In the next few weeks there will be intensive talks aimed at restoring an Executive and the Northern Ireland Assembly. Inevitably, that is where our focus and attention will understandably lie.
However, before we move on it is important that we reflect on the outcome of last Thursday's election.
Much has been said and written about the impact of the results and the damage that has been done to unionism, but before people get carried away, we should sit back and look at what actually happened.
Although the DUP emerged as the largest party and more people voted for unionist candidates than for nationalists, it was not a good election for unionism.
However, in the disappointment of last week lies the seeds of the future success for unionism.
No one should be surprised with the outcome of the election. For the last six weeks we warned how close the election would be. We warned that there was a real chance that Sinn Fein would emerge as the largest party and they almost did. In fact, Sinn Fein finished only one seat behind the DUP and secured just over 1,000 fewer votes.
While we warned of how close the election would be, Mike Nesbitt suggested it would not be close and his colleague Steve Aiken even predicted that the Ulster Unionist Party would emerge as the largest party.
Having returned with 10 seats its fair to say that Mr Aiken's prediction about the UUP was flawed.
There is no doubt that the election was good for Sinn Fein. Rather than panic, this is a time for unionism to analyse and understand the result. We must listen to the voters and build for the future. We can and will learn lessons.
We must accept and recognise the fact that the DUP fought the election in the most difficult of circumstances. In the months leading up to the election, we were being assailed on all sides from political opponents and the media alike.
Despite all of that, the DUP returned with 225,413 votes, more than any other party and the most any party has ever won in an Assembly election since the Belfast Agreement in 1998 and the most votes the DUP has won since the Westminster election of 2005.
Indeed, only twice in the history of the DUP have we ever secured more votes.
The number of people voting DUP increased in each and every constituency in Northern Ireland and even with the enormously increased nationalist turnout our vote fell by just over one percentage point.
Unfortunately, that did not translate into Assembly seats in the way that we had hoped for a number of reasons.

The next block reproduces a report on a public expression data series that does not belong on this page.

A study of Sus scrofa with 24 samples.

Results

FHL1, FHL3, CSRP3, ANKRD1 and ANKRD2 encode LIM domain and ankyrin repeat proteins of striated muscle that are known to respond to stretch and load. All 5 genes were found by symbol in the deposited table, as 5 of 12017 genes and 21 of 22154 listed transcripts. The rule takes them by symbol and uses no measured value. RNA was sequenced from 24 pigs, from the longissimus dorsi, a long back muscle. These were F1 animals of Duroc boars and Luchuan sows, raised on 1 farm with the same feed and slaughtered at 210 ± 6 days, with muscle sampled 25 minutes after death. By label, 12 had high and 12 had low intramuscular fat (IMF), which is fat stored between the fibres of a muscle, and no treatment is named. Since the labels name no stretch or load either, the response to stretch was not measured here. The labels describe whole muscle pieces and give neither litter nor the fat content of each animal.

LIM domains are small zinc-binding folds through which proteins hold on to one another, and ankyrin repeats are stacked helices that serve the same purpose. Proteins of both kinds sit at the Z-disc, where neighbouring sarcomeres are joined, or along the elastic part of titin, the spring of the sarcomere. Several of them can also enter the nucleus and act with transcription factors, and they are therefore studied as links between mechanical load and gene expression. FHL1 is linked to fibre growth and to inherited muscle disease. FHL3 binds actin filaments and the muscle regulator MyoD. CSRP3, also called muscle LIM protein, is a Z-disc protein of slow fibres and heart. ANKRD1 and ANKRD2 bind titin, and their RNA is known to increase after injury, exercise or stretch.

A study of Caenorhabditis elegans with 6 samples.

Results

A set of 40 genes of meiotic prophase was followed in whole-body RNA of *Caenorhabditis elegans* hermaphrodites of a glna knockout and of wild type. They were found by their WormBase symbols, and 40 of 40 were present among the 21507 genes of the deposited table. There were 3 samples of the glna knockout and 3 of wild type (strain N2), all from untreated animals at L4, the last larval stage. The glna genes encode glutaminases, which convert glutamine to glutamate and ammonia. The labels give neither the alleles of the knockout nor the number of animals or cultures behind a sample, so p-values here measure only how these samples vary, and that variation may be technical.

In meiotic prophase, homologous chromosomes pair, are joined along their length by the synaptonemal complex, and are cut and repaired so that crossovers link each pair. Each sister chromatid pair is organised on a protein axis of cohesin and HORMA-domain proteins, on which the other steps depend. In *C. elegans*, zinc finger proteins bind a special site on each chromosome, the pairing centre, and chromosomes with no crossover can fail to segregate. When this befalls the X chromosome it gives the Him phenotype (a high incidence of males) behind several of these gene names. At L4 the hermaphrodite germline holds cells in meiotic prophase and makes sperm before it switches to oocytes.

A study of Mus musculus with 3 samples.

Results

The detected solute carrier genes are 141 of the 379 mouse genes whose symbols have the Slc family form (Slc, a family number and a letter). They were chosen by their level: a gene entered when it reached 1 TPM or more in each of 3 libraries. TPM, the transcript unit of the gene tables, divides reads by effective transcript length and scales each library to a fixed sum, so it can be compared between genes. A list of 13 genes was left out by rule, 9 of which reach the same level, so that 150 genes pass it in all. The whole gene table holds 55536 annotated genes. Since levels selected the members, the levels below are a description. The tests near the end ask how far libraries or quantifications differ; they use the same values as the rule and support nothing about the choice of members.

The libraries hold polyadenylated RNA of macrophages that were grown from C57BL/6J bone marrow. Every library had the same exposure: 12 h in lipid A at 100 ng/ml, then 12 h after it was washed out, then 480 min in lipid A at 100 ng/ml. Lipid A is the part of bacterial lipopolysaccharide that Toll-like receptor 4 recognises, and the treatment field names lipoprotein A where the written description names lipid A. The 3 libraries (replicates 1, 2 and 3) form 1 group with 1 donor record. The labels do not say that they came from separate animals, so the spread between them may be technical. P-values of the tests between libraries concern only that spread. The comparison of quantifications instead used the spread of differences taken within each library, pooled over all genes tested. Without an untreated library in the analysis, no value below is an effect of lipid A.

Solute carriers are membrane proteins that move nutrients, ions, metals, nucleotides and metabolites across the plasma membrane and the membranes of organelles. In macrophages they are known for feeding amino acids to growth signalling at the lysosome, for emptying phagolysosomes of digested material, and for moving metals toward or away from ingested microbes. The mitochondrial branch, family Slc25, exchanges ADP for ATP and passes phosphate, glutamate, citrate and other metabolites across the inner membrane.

Five-seat, rather than six-seat constituencies place a much greater premium on transfers and the DUP suffered as a result.
In particular, the call from Mike Nesbitt to transfer to the SDLP rather than to other unionists had a material outcome and was decisive in a number of constituencies such as Lagan Valley.
Having said that, if the election on March 2 had been fought on six rather than five seats, there would have been almost no nationalist seats picked up at the expense of unionists.
The overall split would have been different between the parties but the community balance would not have been materially different than in 2016.
So what do we need to do next time?
This election has undoubtedly been a wake-up call for unionism.
Today no one is saying that Sinn Fein could not emerge as the largest party in an election in Northern Ireland. No one is saying that it is not possible for more nationalists to be elected than unionists.
Those people who were prepared to urge unionists to transfer to nationalists before unionists must accept that the price of doing that is to give a boost to nationalism.
Given how Sinn Fein reacted to almost winning the election with their renewed calls for a border poll and for concessions from the Government, can you imagine how they would have reacted to having won the election?
There is a responsibility on all unionists moving forward. As a party the DUP must reflect on what we can do to remove barriers from people voting for us.
The 225,413 votes for the DUP last week was an impressive number, but it will not be enough to win the next election.
We must not only hold the vote that we already have, we also need to expand to the next generation of voters. That is both in terms of first preference votes and also in terms of our capacity to win transfers.
Ideally, I would like to see a renewed attempt to create unionist unity where the parties would come together.
Failing that, we need to agree transfer pacts where unionists transfer down the ballot paper to each other.
Mike Nesbitt's transfer policy did enormous damage to the UUP, but it also hurt unionism more widely. This must be addressed if unionism is to remain as the dominant voice in Northern Ireland.
Finally, let me say a word about the personal support that I have received.
I was honoured by the trust and the confidence that was shown in me last May but I was even more humbled by the support that I was given last week in the most difficult of circumstances.
I do not take it for granted and in the coming weeks and months I will do all that I can to repay the faith that has been shown in me.